One of the most commonly used phrases by soccer commentators and reporters is that a match was a 'game of two halves'. The inference of the phrase means that the events which occurred during the game were different in the second half, compared to the first half. We can't say this if it weren’t for the fact that in soccer we have 'half-time', which is a period where the players come off the field to rest.
Different Halftime Durations of Games
For the vast majority of soccer matches, the halftime period will be 15 minutes. There can be circumstances where the referee will extend this, for example there has been a floodlight failure.
In youth and child soccer, the half-time period is reduced.
For under 6s halftime is somewhere between 5 and 10 minutes with halves of 10 minutes each.
At under 8s it is 10 minutes for two 20 minutes halves.
Under 12s play 30 minutes each half with 10 minutes for half time.
Under 14s, 35 minute halves with 10 minutes halftime,
Once we get to under 16s the halves are 40 minutes with a 15 minute half time break.
What Happens at Halftime
The halftime period allows fans to get something to eat or drink or visit the bathroom. They can sit in their seat and bemoan or rejoice the events of the first half. Depending on the home team and the stadium, there may be some halftime entertainment.
While that is going on, the head coach or manager will be giving the team their thoughts about the game so far. They will also talk about what changes to tactics they wish to try for the second half. This is to motivate their team to improve their performance when they return to the field.
Halftime is also when the players will be taking on plenty of fluids. Some may need a massage to ease sore muscles.
Cooling breaks have occurred where the temperatures are excessive. To ensure players do not dehydrate, the game stops to allow drinks. Players go to the sidelines rather than to the dressing rooms. These cooling breaks should last no longer than 3 minutes.
Fifa medical officials recommend that cooling breaks occur if the temperature reaches more than 32° C or 90°F.
Halftime in Extra Time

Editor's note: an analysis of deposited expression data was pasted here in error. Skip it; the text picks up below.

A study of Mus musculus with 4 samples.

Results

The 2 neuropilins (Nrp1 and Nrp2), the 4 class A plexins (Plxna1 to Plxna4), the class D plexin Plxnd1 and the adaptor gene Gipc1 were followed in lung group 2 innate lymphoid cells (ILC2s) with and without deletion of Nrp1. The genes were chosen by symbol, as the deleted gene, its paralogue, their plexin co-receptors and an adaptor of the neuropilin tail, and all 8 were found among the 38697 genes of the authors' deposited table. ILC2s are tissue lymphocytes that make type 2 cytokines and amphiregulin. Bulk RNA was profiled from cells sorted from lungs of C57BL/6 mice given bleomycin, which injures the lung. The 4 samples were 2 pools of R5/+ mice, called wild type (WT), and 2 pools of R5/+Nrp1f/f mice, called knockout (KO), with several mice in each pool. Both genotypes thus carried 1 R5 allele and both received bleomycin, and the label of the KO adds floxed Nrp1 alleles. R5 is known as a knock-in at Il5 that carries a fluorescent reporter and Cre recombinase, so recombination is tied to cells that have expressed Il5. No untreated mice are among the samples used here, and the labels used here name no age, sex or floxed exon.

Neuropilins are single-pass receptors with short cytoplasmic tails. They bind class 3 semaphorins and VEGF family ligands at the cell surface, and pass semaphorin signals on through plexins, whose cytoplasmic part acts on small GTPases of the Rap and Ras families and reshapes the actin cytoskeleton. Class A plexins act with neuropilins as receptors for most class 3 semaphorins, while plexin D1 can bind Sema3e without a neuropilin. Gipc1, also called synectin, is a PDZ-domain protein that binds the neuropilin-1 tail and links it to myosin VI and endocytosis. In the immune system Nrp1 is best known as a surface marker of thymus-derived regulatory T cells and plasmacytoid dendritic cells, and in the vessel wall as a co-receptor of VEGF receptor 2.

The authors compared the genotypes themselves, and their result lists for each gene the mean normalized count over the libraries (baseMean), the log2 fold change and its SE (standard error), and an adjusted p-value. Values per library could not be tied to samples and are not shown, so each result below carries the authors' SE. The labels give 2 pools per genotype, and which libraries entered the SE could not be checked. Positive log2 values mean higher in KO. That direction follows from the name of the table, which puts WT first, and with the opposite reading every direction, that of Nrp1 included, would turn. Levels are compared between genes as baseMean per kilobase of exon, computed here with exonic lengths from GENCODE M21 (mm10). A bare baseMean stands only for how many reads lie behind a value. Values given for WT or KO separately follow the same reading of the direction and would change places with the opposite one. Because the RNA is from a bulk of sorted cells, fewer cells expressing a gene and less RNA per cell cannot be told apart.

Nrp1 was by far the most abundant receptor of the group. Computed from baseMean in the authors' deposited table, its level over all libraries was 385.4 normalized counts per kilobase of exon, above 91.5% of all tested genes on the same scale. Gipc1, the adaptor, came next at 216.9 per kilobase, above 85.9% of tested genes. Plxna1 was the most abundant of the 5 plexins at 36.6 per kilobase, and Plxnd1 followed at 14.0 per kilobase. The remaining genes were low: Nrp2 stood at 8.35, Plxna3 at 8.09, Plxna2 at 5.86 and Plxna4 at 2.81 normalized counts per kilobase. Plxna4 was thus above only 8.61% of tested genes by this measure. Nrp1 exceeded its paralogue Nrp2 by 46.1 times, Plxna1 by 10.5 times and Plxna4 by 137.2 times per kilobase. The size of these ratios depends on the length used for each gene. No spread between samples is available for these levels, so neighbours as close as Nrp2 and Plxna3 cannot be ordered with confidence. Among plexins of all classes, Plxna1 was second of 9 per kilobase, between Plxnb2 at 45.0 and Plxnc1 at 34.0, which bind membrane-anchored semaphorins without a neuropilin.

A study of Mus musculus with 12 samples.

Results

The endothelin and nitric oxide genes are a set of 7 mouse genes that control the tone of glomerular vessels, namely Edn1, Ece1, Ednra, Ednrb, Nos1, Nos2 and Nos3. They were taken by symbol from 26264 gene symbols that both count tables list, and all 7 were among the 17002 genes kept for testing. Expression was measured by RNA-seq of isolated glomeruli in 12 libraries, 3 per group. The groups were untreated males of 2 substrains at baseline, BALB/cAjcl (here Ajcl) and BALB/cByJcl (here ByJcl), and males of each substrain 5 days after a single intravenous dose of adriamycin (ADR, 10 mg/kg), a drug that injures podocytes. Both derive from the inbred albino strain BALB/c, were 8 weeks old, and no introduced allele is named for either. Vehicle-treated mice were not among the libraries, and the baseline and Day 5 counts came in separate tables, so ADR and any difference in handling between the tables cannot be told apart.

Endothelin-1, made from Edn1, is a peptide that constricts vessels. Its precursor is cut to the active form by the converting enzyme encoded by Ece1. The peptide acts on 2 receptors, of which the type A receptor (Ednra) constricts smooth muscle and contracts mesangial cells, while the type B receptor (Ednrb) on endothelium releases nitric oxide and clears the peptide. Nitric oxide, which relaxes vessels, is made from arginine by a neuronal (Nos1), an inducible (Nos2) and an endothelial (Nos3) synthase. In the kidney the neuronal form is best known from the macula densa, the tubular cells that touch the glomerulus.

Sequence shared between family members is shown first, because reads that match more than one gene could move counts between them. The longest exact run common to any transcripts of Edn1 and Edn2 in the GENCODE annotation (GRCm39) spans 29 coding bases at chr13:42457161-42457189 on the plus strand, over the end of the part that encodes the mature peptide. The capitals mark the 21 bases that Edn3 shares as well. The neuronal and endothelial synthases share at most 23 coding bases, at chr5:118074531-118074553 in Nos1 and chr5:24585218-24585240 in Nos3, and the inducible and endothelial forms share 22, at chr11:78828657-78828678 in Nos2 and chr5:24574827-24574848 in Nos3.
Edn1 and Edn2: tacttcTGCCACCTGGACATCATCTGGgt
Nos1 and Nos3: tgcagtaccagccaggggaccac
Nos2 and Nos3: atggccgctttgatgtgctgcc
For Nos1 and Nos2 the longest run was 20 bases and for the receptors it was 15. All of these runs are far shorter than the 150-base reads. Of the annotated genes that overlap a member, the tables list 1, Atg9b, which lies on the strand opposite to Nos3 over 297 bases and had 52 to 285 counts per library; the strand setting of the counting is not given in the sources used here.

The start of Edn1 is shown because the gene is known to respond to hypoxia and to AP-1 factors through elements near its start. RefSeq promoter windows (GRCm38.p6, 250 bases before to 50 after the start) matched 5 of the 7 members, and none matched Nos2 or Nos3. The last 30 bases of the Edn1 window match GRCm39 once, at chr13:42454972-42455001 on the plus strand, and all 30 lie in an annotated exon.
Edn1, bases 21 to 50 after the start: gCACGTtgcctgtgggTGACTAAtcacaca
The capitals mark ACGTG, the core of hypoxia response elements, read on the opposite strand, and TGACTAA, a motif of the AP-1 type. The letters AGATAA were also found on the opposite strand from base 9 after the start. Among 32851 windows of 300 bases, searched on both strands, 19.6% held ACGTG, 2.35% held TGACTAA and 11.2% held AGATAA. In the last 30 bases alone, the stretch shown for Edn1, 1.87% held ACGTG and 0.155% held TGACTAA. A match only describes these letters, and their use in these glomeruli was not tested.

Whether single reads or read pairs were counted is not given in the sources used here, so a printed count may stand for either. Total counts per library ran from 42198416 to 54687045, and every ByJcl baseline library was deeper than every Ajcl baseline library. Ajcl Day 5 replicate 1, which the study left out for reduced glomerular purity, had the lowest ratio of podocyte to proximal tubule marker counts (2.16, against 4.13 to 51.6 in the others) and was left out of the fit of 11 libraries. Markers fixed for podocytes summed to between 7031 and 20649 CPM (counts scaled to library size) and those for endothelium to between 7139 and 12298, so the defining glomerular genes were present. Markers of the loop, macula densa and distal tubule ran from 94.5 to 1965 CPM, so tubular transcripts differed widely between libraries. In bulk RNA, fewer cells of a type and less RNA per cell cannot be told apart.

In many tournaments if the match is a tie after 90 minutes, then an overtime period called extra time occurs. These extra time periods are two halves of 15 minutes each, with a halftime period between them of 5 minutes.
During this halftime in extra-time the players do not return to their dressing rooms. Instead, they gather around the halfway line in their two respective groups. The players will rest and coaches will have their last chance to give their players a pep talk or tactical change.
The Greatest Examples of a 'Game of Two Halves'
As we mentioned earlier, one of the hopes that a team may have is that halftime brings about a change in fortune. In this way, a team losing at halftime might hope to draw, or better still, win the match. If they are only one goal behind at halftime, that task is somewhat easier than if they were more goals down.
In the history of soccer, there have been some incredible turnarounds between the first and second halves.
In an FA Cup match in 2004, Manchester City were 3-0 down at halftime, away to Tottenham Hotspur. To make matters worse they were down to 10 men, having had a player sent off. They fought back to win the game 4-3 and proceeded to the next round.
Newcastle were 4-0 down at halftime to Arsenal in a Premier League match in 2011 and given little hope by anyone. Even more so when 4-0 was still the score with 19 minutes left for play. An amazing four goals in those remaining minutes saw Newcastle level the game at 4-4.
The most famous second-half turnaround came in the European Champions League final of 2005. Trailing 3-0 at halftime, Liverpool looked dead and buried to a dominant AC Milan side, and in fact, they were lucky it was not 4 or 5. Yet, in the second half, they scored 3 goals to level the match. No goals in extra-time meant penalties, and Liverpool won the shootout to cap an incredible comeback.